Review by Deborah Hauser
Dirt and Honey, Raquel Vasquez Gilliland’s debut poetry collection, is a celebration of women as agents of creation in Mexican culture that challenges the patriarchy and assert the power of women to conceive, create, and run wild under the moon.
A number of poems explore the theme of domestication, creating tension with the depiction of women as seductresses and warriors in other poems. “Tonight the Stars Look like Labyrinths of Quartz” is a fairy tale-like poem about a woman who climbs a magnolia to collect stars until her husband stops her. But the women in her neighborhood keep her ladder and wait “for the star mistress to come home again, / with her olive skirt flying behind her on a wicked, wild horse.“ (31)
“You Take the Garden Out For a Drink” serves the reader a lesson on desire. The garden becomes “wide and strange” as she drinks and “offers you some lore” about the first garden and the pumpkins whose desire
matched human desire
and it was this desire that made domesticity,
. . .
But something was lost in the seed-steps from wild
to domestic. Something always is. (82-85)
Gilliland frequently associates women with the moon and stars. In “Sailing for Mares,” female horses are captured, subdued with poppies, and wear lipstick, but they pine for home:
Once, we lived on ice.
Once, we wore silks made of sapphires.
Once, through masks of snow, we translated the stars. (23)
In contrast to the star-gathering wife, the garden, and the mares, who are all wistful, the women in “The Clay Temple” are angry. This poem condemns the exploitation of women and land and rewrites Genesis:
a wish for domesticated clay,
a wish for collars and rope
. . .
first sailed over, taking the clay
for their hands,
clay with mounds and holes,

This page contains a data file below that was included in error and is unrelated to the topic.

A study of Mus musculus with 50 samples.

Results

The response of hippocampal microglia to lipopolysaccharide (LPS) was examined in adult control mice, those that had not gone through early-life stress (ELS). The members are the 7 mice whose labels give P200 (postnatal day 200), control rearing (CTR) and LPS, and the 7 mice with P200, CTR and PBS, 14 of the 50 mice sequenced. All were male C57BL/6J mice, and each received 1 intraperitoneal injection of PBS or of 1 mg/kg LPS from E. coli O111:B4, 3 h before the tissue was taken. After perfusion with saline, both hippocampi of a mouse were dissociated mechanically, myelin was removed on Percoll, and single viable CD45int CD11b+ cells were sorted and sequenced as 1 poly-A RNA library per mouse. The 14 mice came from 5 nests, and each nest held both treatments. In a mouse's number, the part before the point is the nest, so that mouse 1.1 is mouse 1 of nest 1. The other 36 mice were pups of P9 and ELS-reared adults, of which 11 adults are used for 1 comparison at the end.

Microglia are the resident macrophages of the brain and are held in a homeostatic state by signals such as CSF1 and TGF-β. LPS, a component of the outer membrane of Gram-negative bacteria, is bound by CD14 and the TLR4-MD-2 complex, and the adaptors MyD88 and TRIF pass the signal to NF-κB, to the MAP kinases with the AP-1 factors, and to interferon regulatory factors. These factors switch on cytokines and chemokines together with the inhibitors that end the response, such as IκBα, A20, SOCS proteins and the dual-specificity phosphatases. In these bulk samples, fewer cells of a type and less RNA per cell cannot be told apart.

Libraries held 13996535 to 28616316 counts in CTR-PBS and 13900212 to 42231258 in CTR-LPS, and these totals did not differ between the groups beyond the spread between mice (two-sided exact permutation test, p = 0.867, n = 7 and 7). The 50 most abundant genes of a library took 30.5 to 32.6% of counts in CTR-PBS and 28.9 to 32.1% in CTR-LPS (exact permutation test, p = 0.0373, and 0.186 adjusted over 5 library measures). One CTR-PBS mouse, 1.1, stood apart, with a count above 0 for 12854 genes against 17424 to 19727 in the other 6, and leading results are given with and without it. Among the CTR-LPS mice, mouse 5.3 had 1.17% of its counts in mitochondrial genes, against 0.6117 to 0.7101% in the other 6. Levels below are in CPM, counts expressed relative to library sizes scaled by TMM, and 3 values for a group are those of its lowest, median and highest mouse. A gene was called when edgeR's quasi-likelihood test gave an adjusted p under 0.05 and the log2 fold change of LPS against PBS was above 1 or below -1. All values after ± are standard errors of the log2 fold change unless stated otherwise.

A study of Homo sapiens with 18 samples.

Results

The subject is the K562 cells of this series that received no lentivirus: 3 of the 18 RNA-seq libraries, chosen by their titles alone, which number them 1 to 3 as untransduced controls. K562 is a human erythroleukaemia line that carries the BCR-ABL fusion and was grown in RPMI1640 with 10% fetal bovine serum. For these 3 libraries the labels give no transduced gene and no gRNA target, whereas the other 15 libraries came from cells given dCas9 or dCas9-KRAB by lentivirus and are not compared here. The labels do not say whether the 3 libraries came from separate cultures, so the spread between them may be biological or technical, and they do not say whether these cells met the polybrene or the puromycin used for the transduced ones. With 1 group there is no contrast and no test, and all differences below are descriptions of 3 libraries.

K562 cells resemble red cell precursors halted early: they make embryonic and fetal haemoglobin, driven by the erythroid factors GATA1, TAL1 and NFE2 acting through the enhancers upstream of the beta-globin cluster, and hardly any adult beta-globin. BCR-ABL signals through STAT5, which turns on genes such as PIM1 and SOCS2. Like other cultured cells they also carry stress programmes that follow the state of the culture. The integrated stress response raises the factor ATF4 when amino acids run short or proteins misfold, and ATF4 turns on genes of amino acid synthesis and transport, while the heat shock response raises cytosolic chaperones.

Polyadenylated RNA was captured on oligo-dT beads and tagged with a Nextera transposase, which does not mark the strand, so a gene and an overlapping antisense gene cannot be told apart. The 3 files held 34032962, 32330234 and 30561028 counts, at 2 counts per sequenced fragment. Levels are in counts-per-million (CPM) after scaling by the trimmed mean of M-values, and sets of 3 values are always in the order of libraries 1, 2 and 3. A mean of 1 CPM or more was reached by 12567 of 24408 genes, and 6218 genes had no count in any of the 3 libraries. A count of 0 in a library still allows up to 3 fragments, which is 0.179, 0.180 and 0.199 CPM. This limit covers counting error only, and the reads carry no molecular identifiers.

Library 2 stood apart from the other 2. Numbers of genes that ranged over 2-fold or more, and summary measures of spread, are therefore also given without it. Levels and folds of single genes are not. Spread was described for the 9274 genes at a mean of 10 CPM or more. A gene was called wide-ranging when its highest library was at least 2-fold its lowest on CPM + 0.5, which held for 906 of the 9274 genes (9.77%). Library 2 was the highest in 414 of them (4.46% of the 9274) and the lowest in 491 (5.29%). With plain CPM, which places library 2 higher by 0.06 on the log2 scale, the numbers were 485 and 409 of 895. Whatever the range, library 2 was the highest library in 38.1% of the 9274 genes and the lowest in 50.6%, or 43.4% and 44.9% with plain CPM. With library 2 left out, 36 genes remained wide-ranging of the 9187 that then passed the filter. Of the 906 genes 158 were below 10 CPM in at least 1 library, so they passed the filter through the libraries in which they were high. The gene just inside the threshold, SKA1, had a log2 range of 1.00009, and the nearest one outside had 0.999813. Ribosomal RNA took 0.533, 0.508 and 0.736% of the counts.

caverns and mountains
and berries and honey and dirt.
. . .
And we returned that rib long ago,
Though it was never yours.
. . .
That rib came from clay. (95-96)
“Honey and Dirt” inverts the book’s title, celebrates menstruation and dirt (“Where all magic / and ritual come from”), and disputes Eve’s creation story stating “someone / got that wrong”:
. . . God
found Eve’s rib in the dirt.
. . . Before all
these man-ideas on blood
blood was as good as dirt,
and dirt was as good as
Where all magic
And ritual come from. (92-94)
“Exiles of the Wild Moon” tells the story of exiled “moonwomen,” a cross between Amazons and Sirens who “learned to sing the enemy to their deaths,” “tamed the wild horses,” and had “Gorgons hammered onto their breastplates,” before disappearing without explanation. But they left us the horse which, like women, can never be fully trusted” because “It’s / got a sliver of that wild moon left in it. And sometimes that moon / starts to sing.” (106).
There are other folk stories interspersed throughout the book. In “The Origin Story of the Child Librarian Who Broke His Vow and Released the Old Moons” the child reveals that “The gods created woman first.” (19) In “Only Mountains Steal Dreams Like That”, evolution is explained: we “crawl out of the water” to feel closer to “something as ancient as dirt and honey” (33). In “How Lines Came to Be Drawn on Human Hands”, the lotus is associated with poetry, the alphabet, and the lines on our palms (66).
Gilliland is a sorceress, alchemist, and consummate storyteller. This blend of Mexican culture and folklore speaks for, and to, every woman. Dirt and Honey will empower you, help you recall your “wild origins” (54), and heal your ancient wounds. This book is an instruction manual on how to light “your fire with a moonstruck match . . . and become whole again.” (97)
Dirt and Honey by Raquel Vasquez Gilliland
Green Writers Press, 2018, $14.95 (paperback)
Deborah Hauser is the author of Ennui: From the Diagnostic and Statistical Field Guide of Feminine Disorders. Her poetry has appeared in Bellevue Literary Review, TAB: The Journal of Poetry & Poetics, Carve Magazine, and Antiphon.